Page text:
Every herd needs a leader — especially literal herds of domesticated animals. Aardman Animations’ newest creation, Shaun the Sheep (voiced by Justin Fletcher), is not only a bonafide television star (he’s starred in 130 episodes of his own television show, as crafted by the stop-motion animation house), but he’s now poised to make the leap to film as the star of “Shaun the Sheep Movie.”
Shaun’s bit is that he’s the smart one in a lovably goofy herd of English sheep, mostly happy animals who spend their days doing typical sheep things — lots of eating and bleating — while their caring Farmer (voiced by John Sparkes) keeps them all in line through the use of a highly coordinated schedule, as assisted by faithful sheepdog Bitzer (also voiced by Sparkes).
It’s an idyllic life, but that schedule is a problem, and when Shaun hatches a well-meaning plan (delivered through bahs and bleats and some impressively made drawings, “Shaun the Sheep Movie” features zero dialogue, though its story is easy enough to follow that even the littlest audience member will be able to keep pace) to take a day off from their regimented routine, everything goes almost immediately wrong. Shaun and his family succeed in lulling the Farmer to sleep — by way of a clever “counting sheep” gag — and bed him down in a seemingly stationary RV. Through a series of mishaps (it’s always a series of mishaps with Shaun), the RV shakes loose, flies down the road and comes to a stop in The Big City, where the Farmer is knocked out cold, ensuring some soap opera-styled amnesia that seems set to keep him from returning to the farm ever again.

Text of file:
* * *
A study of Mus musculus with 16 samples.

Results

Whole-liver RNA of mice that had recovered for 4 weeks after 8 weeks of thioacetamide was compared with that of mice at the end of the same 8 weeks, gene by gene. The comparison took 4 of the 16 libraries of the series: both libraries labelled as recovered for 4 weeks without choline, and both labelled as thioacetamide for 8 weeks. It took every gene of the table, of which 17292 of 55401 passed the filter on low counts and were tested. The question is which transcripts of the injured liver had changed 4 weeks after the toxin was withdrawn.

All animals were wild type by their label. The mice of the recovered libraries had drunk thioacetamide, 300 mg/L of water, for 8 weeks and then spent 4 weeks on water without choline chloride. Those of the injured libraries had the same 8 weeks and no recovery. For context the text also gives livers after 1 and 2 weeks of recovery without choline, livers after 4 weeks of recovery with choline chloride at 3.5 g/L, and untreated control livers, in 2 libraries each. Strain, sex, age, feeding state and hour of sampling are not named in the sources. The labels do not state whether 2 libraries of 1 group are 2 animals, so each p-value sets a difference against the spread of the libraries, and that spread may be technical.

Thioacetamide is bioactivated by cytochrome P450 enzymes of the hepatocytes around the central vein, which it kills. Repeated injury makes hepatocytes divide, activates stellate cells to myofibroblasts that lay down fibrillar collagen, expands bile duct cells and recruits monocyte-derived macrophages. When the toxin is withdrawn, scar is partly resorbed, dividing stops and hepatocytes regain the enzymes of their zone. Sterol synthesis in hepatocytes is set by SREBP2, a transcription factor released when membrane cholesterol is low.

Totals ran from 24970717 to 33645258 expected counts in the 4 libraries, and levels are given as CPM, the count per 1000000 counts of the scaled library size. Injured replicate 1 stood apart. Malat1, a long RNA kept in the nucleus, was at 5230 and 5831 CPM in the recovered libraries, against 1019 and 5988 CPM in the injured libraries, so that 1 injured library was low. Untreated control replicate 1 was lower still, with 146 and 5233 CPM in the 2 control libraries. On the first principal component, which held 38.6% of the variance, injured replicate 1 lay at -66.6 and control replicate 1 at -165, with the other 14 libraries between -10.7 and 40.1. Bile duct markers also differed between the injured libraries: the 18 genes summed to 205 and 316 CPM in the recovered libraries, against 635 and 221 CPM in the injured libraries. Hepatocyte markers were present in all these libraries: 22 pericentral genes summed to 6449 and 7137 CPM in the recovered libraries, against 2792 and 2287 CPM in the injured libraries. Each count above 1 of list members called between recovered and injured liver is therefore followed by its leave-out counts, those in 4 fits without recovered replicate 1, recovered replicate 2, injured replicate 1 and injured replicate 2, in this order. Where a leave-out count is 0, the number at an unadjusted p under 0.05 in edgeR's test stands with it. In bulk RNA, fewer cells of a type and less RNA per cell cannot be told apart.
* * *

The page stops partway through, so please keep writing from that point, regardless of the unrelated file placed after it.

So much for a day off.
The herd eventually makes their own way to The Big City (sure, it’s probably London, but it’s “The Big City” in Aardman parlance), determined to get back their Farmer. Trailed by a very upset Bitzer, Shaun and the other sheep are forced to contend with all sorts of problems and wacky happenings, most of them hinging on the ruthless bloodlust of a local animal control officer (voiced or, more appropriately, as no one talks in “Shaun the Sheep Movie,” grunted by Omid Djalili) and Farmer’s inability to comprehend why a flock of sheep are following him around. Despite the real stakes of the story, the film is consistently charming and very amusing, smart enough to appeal to adult viewers and gentle enough to keep kids happy.
Aardman’s flair for visual storytelling is particularly strong in “Shaun the Sheep Movie,” and the film makes generous use of pop cultural references (including nods to “Taxi Driver,” The Beatles and Hannibal Lecter), as well as the endlessly pliable faces of its characters and inventive gags that continually play around with the landscape at hand (a bit featured in the film’s trailers, which sees the flock posing against and seemingly blending into a country-set ad, is one of the film’s best) to tell a terrifically cute tale. Clocking in at a slim 85 minutes, the whole thing flies by quite pleasingly, a warm and funny feature that reasserts the value of high quality visuals and attention to detail.
Although it ably charms on the strengths of its darling stop-motion animation and its zippy humor, “Shaun the Sheep Movie” falls short in its attempts to shoe-horn in plot movements through the magic of song — specifically the use of British pop singer Eliza Doolittle’s (no, not that Eliza Doolittle) “Big City,” which provides a gratingly on-the-nose audio companion to a sequence that sees the sheep living life in, of course, the big city. The film’s visual storytelling is strong enough as is, and the inclusion of a modern pop song as a narrative device scans as a cheap and out of place bid to make the film feel more contemporary. There’s no need for that in “Shaun the Sheep Movie,” however, which is big-hearted and big-humored enough to stand on its own (four-legged) merits.
“Shaun the Sheep Movie” opens nationwide on August 5.